Threading Tungsten metal rod

I am trying to thread a 3/8" diameter Tungsten metal rod on the
lathe. I have already killed a WC tipped thread tool. Anyone have
any recommendations on the proper tooling for threading this difficult
to machine metal?
Good luck.
Doug White
Grind the threads in with a formed diamond wheel and a toolpost grinder
One of the finest machinists I've ever had the privilege to work with worked for one of my customers - a place that processes refractory metals, including machining tungsten. He told me that he did single point a thread on a pure W rod once, as a stunt. As I recall, he said he had to resharpen a carbide tool after every couple passes. I know that they used to use trichlor for coolant, and the older guys there get kind of misty-eyed when they talk about how great it was for cutting tungsten.
As far as I know, if threads are required in pure tungsten, grinding is the preferred way to cut them.
I'd agree that grinding would be the preferred method, but they can be single pointed. I ran an order of balance screws for one of my customers, years ago. They were made of tungsten and had to be threaded to some non-standard sized 80 pitch thread. I recall that I spent a great deal of time at the grinder, but I managed to turn out the entire lot with care. I'm sure that the fine thread was to my advantage.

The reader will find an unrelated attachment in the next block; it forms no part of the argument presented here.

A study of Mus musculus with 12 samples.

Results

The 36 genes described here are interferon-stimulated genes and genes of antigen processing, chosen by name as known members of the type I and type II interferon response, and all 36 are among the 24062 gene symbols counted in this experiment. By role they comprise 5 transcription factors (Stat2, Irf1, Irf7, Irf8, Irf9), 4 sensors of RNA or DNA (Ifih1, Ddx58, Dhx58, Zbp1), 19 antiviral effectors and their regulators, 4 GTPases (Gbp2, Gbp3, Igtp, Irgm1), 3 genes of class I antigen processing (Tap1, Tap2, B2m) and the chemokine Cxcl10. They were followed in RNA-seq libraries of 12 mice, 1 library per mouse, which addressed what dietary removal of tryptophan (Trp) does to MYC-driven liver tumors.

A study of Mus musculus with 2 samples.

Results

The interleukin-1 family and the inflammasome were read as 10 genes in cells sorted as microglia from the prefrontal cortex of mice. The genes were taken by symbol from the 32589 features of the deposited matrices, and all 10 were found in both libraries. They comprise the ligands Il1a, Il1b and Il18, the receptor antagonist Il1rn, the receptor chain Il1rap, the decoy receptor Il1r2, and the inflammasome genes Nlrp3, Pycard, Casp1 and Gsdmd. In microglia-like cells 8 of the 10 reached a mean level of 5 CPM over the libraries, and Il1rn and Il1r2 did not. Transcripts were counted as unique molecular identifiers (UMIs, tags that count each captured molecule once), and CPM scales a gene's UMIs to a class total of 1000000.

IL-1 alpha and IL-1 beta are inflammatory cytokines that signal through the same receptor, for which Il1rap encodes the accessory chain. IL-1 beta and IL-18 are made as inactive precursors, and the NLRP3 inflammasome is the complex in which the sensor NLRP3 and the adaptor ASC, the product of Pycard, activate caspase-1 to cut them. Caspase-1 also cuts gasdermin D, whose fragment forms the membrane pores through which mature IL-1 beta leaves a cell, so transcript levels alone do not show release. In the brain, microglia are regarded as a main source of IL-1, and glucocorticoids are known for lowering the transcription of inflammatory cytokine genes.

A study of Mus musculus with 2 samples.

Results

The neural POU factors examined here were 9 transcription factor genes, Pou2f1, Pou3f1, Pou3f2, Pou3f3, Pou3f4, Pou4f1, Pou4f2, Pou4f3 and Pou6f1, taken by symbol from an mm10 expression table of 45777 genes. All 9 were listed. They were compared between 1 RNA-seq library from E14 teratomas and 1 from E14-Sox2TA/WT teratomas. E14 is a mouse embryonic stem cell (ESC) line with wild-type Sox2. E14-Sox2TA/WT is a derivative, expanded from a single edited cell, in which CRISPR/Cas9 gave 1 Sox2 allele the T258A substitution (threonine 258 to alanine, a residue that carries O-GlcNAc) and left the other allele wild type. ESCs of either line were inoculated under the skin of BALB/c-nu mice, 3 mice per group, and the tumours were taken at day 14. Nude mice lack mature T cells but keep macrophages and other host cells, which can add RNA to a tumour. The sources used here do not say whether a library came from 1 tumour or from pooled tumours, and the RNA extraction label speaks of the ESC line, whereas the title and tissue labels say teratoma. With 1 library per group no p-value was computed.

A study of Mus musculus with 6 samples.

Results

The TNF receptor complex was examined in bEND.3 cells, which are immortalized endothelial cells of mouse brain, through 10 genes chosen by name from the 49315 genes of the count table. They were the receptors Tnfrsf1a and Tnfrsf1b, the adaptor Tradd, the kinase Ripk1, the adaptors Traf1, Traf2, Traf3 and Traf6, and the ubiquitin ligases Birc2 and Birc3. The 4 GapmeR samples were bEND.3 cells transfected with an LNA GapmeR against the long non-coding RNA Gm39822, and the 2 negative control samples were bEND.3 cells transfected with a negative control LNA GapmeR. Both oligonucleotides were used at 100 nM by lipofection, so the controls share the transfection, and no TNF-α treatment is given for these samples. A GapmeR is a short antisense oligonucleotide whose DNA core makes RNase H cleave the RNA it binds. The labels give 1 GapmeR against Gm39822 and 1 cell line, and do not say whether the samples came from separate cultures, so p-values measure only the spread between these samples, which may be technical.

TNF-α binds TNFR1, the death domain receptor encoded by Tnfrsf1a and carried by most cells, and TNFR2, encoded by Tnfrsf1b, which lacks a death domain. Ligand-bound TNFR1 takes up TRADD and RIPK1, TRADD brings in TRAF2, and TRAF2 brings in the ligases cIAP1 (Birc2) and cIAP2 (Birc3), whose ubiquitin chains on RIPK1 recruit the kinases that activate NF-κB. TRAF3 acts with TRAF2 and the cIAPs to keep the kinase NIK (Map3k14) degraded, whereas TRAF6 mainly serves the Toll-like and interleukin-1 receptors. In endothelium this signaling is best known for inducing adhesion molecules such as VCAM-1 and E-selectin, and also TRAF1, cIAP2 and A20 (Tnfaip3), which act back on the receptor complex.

I've machined tungsten for other applications as well. It is tough on tools, but machines reasonably well. I'd suggest a C2 grade of carbide, and lots of patience.
If all else fails, you can buy machinable tungsten alloy rods at
Thank you everyone for your useful posts. The easiest solution for me is the Steel sleeve-over Tungsten rod, never considered that.
The McMaster-Carr Tungsten costs a small fortune, but a good source for machinable material nevertheless.